A "scary graph" terrorizes the econoblogosphere

What happened to the foreign appetite for U.S. assets? Do the words "Wile E. Coyote moment" mean anything to you?

By Andrew Leonard
November 29, 2007 2:24AM (UTC)

Setser, an economist at the U.S. Treasury Department during the Clinton administration, focuses obsessively on international capital flows. It's a complicated subject; following the ins and outs of his detailed analysis is not for the timid of heart. But the bottom line expressed in the chart is simple: Based on Setser's interpretation of Treasury Department data, private foreign demand for U.S. assets has come to a screeching halt. (Setser uses the term "sudden stop," which has its own specific meaning in the world of emerging market economics, but we'll leave that discussion to the card-carrying economists.)


Look at the graph. Sharp drops and equally sharp surges have been reasonably common since 2000, but nothing compares to the plunge that started in July. What else happened this summer? The subprime mortgage meltdown precipitated a major credit crunch.

What does this mean? Naked Capitalism's Yves Smith summarizes the basic economic principle at work:

...the general premise [is] that trade deficits, like the one the U.S. has been running for a very long time, need to be matched by surpluses in the capital account, meaning in colloquial terms that our trade deficits are funded by foreign investment of various sorts, be it in Treasury securities, stocks, real estate, or factories.

Economists talk about this "need" for balance with the same reverence physicists use to invoke the laws of thermodynamics. One way or another, the arithmetic has to balance. If foreign investors don't want U.S. assets, but the U.S. keeps running a trade deficit, something has to give. Right now, that something is the dollar.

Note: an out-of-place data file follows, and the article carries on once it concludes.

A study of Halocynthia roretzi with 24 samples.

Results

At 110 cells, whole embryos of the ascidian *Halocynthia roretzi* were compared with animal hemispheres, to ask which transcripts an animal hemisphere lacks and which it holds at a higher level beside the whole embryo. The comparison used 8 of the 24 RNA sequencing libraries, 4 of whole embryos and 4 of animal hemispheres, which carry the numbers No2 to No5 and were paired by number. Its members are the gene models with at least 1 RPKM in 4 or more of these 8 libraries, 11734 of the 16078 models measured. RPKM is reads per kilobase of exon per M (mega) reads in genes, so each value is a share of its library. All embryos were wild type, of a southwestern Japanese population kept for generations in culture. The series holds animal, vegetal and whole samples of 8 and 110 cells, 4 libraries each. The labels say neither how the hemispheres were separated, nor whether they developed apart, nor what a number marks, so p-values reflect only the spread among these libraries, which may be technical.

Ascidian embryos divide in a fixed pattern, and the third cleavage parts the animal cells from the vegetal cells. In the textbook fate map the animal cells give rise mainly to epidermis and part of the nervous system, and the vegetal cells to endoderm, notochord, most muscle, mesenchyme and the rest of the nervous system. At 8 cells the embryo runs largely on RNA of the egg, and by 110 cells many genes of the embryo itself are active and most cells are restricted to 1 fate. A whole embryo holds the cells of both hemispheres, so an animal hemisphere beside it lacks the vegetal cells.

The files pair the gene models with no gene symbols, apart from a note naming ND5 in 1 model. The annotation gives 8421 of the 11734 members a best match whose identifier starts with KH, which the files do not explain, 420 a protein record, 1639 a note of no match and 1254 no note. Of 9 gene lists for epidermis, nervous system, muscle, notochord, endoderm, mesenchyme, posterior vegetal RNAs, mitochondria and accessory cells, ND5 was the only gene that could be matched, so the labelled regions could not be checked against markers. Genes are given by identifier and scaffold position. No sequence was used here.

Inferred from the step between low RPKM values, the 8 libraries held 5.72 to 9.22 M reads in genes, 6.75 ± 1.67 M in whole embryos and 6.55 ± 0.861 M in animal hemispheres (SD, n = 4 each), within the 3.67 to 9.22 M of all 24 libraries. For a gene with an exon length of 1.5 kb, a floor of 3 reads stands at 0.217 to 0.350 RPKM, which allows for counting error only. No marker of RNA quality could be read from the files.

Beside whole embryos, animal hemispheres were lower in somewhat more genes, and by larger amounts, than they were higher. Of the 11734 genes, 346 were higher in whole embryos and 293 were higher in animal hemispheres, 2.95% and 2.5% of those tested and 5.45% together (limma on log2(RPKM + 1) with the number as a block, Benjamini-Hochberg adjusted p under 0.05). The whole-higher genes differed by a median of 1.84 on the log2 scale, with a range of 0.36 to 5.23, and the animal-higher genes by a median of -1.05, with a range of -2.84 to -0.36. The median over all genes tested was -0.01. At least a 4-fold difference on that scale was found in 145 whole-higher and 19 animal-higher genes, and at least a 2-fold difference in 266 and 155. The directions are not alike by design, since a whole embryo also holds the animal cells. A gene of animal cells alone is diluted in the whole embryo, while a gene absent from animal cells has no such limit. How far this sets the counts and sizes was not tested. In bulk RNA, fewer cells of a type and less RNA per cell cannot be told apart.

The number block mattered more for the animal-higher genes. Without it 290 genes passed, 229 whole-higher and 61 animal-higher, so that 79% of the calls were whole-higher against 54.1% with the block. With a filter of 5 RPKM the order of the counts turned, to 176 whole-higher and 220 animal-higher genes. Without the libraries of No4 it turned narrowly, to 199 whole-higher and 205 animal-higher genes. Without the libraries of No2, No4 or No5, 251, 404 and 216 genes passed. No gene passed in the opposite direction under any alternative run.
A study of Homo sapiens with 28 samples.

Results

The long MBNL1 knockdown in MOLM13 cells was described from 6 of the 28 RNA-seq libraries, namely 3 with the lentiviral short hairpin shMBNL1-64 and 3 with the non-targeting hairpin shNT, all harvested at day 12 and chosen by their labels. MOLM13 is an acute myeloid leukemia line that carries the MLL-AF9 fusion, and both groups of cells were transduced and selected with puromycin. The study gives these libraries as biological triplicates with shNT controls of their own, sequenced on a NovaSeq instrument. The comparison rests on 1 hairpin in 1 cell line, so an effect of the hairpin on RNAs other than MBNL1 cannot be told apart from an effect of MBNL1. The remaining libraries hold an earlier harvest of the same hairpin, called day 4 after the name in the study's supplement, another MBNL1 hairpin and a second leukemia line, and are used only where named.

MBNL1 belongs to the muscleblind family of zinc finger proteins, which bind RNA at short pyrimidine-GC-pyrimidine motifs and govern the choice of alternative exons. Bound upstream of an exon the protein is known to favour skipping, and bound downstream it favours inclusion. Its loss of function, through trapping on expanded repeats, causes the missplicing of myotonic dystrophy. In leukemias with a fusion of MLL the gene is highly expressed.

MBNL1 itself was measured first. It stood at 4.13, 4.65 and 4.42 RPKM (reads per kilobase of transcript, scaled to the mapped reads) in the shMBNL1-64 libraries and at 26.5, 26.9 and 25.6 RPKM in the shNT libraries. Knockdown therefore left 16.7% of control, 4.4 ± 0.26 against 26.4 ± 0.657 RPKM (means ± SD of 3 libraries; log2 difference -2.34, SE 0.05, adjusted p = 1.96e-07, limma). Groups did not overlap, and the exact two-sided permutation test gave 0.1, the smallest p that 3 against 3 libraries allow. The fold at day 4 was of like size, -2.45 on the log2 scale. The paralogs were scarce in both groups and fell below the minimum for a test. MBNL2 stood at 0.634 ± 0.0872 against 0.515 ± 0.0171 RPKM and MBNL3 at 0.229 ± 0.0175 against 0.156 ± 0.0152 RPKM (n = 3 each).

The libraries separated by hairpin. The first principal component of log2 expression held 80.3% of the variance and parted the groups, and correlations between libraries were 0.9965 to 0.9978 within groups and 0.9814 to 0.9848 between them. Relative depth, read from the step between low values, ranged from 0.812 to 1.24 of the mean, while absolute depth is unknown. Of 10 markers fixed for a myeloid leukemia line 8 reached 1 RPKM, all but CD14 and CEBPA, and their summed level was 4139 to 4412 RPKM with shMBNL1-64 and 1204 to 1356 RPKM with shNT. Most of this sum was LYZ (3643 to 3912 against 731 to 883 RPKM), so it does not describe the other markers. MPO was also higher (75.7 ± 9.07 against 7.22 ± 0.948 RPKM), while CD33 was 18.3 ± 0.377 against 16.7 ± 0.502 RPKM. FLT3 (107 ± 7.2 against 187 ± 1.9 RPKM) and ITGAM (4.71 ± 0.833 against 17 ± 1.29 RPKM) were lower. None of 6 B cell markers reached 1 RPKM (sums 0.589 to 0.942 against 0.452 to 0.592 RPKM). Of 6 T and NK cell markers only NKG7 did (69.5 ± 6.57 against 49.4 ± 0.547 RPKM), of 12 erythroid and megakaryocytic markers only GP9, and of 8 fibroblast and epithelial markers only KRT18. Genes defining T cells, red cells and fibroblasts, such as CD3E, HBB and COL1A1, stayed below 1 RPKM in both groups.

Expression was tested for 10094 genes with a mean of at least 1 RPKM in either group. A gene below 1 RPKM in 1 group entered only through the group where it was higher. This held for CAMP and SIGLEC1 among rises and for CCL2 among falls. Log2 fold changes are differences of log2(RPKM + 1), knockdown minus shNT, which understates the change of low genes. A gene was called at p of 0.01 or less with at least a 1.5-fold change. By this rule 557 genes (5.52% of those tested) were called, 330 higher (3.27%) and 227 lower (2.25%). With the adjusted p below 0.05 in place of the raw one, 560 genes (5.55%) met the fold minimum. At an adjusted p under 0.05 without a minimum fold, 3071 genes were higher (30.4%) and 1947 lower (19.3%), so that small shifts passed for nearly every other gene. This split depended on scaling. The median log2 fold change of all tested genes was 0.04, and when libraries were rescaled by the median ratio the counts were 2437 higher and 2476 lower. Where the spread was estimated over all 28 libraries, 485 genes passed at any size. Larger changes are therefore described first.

But a declining dollar, in turn, poses a huge problem for the non-private, or "official" sources of capital inflows that are continuing to prop up the U.S. current account deficit -- such as China or the oil states busy bailing out U.S banks. Central bankers are watching worriedly as the value of their huge dollar-denominated foreign reserves diminishes by the hour, but they are paralyzed by the prospect that if they too stop buying U.S. Treasuries and the like, and attempt to diversify their holding, the downward pressure on the dollar will get worse. And that's where Wile E. Coyote, about to look down, joins the party.

Setser has been warning for a long, long time that the U.S. would eventually have to pay the price for not keeping balanced books. The scary part of his scary graph is its very plain hint that the collection agency is knocking at the door.

But today, Wall Street isn't worried. All it needed was just a hint that another rate cut is coming (which in itself one would rationally think should be taken as a sign that the economy is in real trouble) and investors were off to their races -- the Dow Jones industrial average surged 331 points -- one of its best days of the entire year.

Andrew Leonard

Andrew Leonard is a staff writer at Salon. On Twitter, @koxinga21.